AIG holding BofA $8.5 bln settlement 'hostage,' investors say
NEW YORK Feb 18 (Reuters) - American International Group is holding "hostage" an $8.5 billion deal to compensate investors who bought Bank of America Corp mortgage securities, supporters of the deal said in court filings ahead of a hearing on Wednesday.
The supporters urged the judge overseeing the deal to reject AIG's efforts to delay its approval, according to documents submitted to the court late on Friday.
Bank of America agreed to the settlement in June 2011 to resolve claims by investors who had bought $174 billion of mortgage-backed securities issued by Countrywide Financial before the U.S. housing crisis. The investors said Countrywide, bought by Bank of America in 2008, misrepresented the quality of the underlying home mortgages, which went sour in the crisis.
AIG, one of the investors in the mortgage securities, objected to the deal, saying there was no evidence it provided adequate compensation for losses.
Justice Barbara Kapnick in New York state court approved the deal on Jan. 31, but four days later AIG asked a new judge overseeing the case to delay the decision, saying Kapnick had left some issues unresolved.
The new judge, Justice Saliann Scarpulla, has called a hearing Wednesday to hear arguments on AIG's request.
"The court should not permit AIG to nullify the judgment and hold the entire settlement hostage indefinitely," supporters of the deal said in a filing on Friday. AIG is seeking to delay the settlement as leverage against Bank of America in another case, the supporters said in their court filing. In that case, AIG sued Bank of America over $10 billion of securities fraud claims in August 2011, the same day it intervened to object to the $8.5 billion settlement.
"We're litigating this case solely on the merits," Mark Zauderer, a lawyer for AIG, said on Tuesday.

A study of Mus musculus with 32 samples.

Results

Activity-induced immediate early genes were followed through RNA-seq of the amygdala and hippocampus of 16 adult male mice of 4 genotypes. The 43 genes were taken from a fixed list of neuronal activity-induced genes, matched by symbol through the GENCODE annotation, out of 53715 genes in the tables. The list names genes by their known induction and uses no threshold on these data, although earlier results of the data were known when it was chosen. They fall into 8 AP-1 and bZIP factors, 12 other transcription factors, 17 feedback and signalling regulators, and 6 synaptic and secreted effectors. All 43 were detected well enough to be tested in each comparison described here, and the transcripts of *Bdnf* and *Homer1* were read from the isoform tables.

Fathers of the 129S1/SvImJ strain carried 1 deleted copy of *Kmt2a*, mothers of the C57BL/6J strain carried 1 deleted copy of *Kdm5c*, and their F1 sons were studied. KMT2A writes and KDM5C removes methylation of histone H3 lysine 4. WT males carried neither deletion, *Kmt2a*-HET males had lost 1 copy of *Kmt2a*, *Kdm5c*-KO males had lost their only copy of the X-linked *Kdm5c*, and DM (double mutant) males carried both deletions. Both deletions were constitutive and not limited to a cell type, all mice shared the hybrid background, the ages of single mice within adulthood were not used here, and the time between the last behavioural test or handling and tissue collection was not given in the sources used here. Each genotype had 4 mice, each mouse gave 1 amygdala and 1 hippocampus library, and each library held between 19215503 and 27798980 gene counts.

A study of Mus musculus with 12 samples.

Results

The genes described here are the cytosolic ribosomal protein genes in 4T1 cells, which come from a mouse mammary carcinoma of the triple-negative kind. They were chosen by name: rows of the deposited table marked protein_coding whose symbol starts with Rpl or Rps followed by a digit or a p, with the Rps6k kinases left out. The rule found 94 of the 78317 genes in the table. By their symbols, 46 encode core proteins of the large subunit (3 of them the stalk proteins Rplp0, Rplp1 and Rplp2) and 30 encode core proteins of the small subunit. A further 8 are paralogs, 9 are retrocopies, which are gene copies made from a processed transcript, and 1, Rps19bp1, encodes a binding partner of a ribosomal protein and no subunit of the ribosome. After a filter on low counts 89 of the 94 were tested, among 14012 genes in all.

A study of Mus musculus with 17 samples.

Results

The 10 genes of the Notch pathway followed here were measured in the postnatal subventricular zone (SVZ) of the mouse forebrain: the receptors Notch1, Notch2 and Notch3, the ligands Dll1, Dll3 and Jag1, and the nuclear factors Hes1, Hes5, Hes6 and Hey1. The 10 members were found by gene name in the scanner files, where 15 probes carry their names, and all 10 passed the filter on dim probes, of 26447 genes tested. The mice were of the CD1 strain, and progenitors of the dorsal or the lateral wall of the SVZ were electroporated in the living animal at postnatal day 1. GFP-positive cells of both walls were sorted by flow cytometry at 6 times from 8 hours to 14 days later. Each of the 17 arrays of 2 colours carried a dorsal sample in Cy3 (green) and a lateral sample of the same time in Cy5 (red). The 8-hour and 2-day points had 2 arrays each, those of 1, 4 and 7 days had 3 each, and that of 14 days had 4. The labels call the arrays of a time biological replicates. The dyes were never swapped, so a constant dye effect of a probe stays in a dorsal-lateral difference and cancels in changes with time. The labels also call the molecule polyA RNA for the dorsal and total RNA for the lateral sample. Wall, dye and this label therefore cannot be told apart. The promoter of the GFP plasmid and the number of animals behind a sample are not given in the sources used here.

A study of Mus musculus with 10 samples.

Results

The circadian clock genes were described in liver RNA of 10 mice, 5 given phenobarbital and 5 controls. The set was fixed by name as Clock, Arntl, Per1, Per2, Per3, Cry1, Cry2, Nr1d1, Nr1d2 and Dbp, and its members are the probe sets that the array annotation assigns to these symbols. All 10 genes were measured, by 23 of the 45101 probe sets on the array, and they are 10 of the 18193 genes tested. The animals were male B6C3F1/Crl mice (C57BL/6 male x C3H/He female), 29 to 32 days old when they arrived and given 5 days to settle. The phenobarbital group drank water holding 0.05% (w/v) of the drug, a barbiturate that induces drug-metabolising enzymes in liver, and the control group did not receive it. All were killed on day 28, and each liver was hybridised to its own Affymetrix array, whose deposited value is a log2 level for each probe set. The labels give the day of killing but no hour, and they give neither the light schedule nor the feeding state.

CONSIDERING WHETHER TO GRANT AIG'S REQUEST
Scarpulla must decide whether to grant AIG's request to further delay Kapnick's judgment or enter the judgment into the court record and leave AIG to appeal if it chooses.
If Scarpulla grants AIG's request, AIG should be required to post $1 million a day that the delay is costing other investors, supporters of the deal said.
Twenty-two institutional investors, including BlackRock Inc, Allianz SE's Pimco, and Metlife Inc, , and Bank of New York Mellon, the trustee for the securities, agreed to the settlement with Bank of America.
In her ruling on Jan. 31, Kapnick said Bank of New York Mellon was concerned that Countrywide would be unable to pay a future judgment that even approached $8.5 billion, and thought it was reasonable to lock in a one-time payment.
Kapnick made one exception in her ruling, withholding her approval from settlement of claims relating to certain loans that had been modified. Bank of New York Mellon should not have settled claims related to mortgages that had been modified without investigating their potential worth, she said.
In its latest court filing, Bank of New York Mellon said it would do nothing about those claims until the settlement is finally approved.
"There is no decision to be made, by anyone, about any action to take with respect to these claims until it is determined whether the settlement agreement is finally approved and appeals are exhausted," the bank and investor group said.
Separately on Tuesday, AIG asked a state appeals court for more time to submit briefs in its appeal of Kapnick's decision to hear the case without a jury. The appeals court is not expected to rule on that request until next month at the earliest.
The case is In re: The Bank of New York Mellon, New York State Supreme Court, New York County, No. 651786/2011.